By Gary Caffell
Joe Harwood won’t be coaching the Carterton Rugby Club’s premier side in 2017.
Instead he will be focusing entirely on his new role as head coach of Wairarapa-Bush’s Heartland championship squad, an appointment which was confirmed yesterday.
Harwood said he “thoroughly enjoyed” his debut season as Carterton coach this year when they finished runners-up to Greytown in the Tui Cup competition but there was no way he could combine that with the Wairarapa-Bush job.
His priority now is to strike up a good working relationship with all the club coaches in the Wairarapa-Bush union, something which would include attending some of their training sessions, and to do everything possible to properly monitor the progress of players with the skill and desire to represent their union at the top levels.
“In fairness you just can’t follow one team around, you have to try and treat every club the same,” Harwood said.
“And you can’t make an honest assessment of players unless you are keeping a close eye on them.”
Harwood is grateful to the support given him by his manager at Child, Youth and Family in Masterton, something which allows him to successfully mix work with his rugby commitments.
He has the label of youth justice co-ordinator with that job seeing him dealing with young offenders and the various community service oprganisations and whanau who help in their rehabilitation.
“I love working with young people and I guess the man management skills required there are very useful when it comes to the rugby as well, the two are pretty similar in that regard.”
On the question of support the 36-year-old father of four young children aged from 10yrs to 18 months, is also quick to emphasise the importance of that given him by wife Nicola.
“Frankly I wouldn’t have even considered the rugby position without her blessing, it’s going to be a really busy time for me but probably even busier for her!”
Harwood’s own leadership qualities on the rugby field were realised at a young age.
Invariably in the front row either as a hooker or prop, he was captain of the Wairarapa College first XV under Roger Dee, who went on to become a Wairarapa-Bush coach himself, captained the Carterton senior club side, captained Wairarapa-Bush from 2006 to 2010, including a Meads Cup title in 2006 and a Lochore Cup title in 2010 and captained the New Zealand Heartland team to Argentina in 2006 and the United States in 2008.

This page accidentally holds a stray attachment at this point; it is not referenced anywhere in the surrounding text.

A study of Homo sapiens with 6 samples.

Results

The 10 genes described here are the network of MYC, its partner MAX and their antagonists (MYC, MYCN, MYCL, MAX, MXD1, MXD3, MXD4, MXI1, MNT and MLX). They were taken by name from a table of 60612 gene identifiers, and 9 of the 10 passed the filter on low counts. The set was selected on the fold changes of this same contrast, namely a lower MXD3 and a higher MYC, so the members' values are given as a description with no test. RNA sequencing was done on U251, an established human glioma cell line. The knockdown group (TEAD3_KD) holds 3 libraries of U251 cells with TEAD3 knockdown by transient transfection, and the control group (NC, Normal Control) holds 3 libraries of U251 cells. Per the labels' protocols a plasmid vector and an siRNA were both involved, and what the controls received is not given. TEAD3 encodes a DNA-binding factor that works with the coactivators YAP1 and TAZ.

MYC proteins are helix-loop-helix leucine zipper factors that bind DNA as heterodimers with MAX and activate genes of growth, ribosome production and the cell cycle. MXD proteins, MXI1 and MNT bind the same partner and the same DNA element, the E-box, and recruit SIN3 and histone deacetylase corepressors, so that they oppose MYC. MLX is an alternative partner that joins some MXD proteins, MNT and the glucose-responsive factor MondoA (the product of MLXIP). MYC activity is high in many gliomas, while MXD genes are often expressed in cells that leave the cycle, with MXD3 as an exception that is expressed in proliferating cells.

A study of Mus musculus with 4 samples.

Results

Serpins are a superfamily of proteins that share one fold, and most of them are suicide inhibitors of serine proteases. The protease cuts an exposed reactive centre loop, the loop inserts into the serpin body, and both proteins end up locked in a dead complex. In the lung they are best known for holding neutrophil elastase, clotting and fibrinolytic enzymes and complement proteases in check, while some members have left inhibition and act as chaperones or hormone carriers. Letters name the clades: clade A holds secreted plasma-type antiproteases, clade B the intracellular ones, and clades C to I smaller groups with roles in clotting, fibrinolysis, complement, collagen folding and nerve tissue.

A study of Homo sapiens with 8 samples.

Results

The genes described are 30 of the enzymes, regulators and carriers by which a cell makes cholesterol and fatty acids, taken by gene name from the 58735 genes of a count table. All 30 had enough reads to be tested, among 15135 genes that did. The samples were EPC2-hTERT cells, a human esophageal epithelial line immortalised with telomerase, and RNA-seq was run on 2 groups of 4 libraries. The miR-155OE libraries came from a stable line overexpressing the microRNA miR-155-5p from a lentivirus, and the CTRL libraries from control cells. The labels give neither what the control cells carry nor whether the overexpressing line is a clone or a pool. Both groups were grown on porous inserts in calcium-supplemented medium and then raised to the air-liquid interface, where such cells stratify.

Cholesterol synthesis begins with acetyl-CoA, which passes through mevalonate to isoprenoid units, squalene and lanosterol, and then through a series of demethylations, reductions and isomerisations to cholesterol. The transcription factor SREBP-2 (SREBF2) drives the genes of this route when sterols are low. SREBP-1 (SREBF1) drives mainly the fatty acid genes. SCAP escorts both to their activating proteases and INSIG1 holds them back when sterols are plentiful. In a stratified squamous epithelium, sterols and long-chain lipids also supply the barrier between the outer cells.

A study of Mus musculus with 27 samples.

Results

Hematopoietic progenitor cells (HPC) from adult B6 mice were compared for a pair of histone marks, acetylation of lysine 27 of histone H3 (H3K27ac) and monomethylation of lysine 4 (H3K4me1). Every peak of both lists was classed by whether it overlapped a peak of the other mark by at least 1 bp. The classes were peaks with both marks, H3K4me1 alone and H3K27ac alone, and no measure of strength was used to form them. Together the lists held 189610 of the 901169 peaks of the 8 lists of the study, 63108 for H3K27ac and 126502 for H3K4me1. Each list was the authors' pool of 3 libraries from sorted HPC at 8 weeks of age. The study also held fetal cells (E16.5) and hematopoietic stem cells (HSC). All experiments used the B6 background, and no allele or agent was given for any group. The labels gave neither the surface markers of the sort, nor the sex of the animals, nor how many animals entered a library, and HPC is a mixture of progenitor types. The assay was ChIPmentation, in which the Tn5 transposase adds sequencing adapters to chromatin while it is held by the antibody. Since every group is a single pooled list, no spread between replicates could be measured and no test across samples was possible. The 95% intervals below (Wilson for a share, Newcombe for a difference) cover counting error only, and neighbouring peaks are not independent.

It was, in fact, a bad neck injury in that 2010 Lochore Cup final which ended Harwood’s playing career, a decision which he says was very much based around family considerations.
“It wasn’t a planned retirement but, really there was no other option.
“I couldn’t risk making the injury even more serious.”
The possibility of getting involved in coaching was always on Harwood’s radar once his playing days were over and after a brief break from the game he assisted with the Rathkeale College first XV and Carterton premier sides before taking the head coaching role at Carterton.
For the past two seasons he and James Bruce have also been assistant coaches to Josh Syms for the Wairarapa-Bush Heartland squad, a situation which Harwood sees as the ideal apprenticeship to now stepping into Syms’ shoes.
“Josh is a very hard act to follow, he is an outstanding coach technically and myself and Brucey learnt a hell of a lot from him.”
Harwood is delighted to have Bruce stay on as assistant coach for the 2017 season.
The two often played together right from their schooldays through to representative rugby and have a very similar coaching philosophy, which is based around doing the simple things well while still adopting an expansive and aggressive approach.
Pleasing too for Harwood is the willingness of Gavin “Grasshooper” Hodder to continue as team manager.
“I don’t think some people realise how important Gavin has been to the side in recent years, he has been the glue in the whole operation but a lot of what he does is behind the scenes and he doesn’t get the credit he deserves.”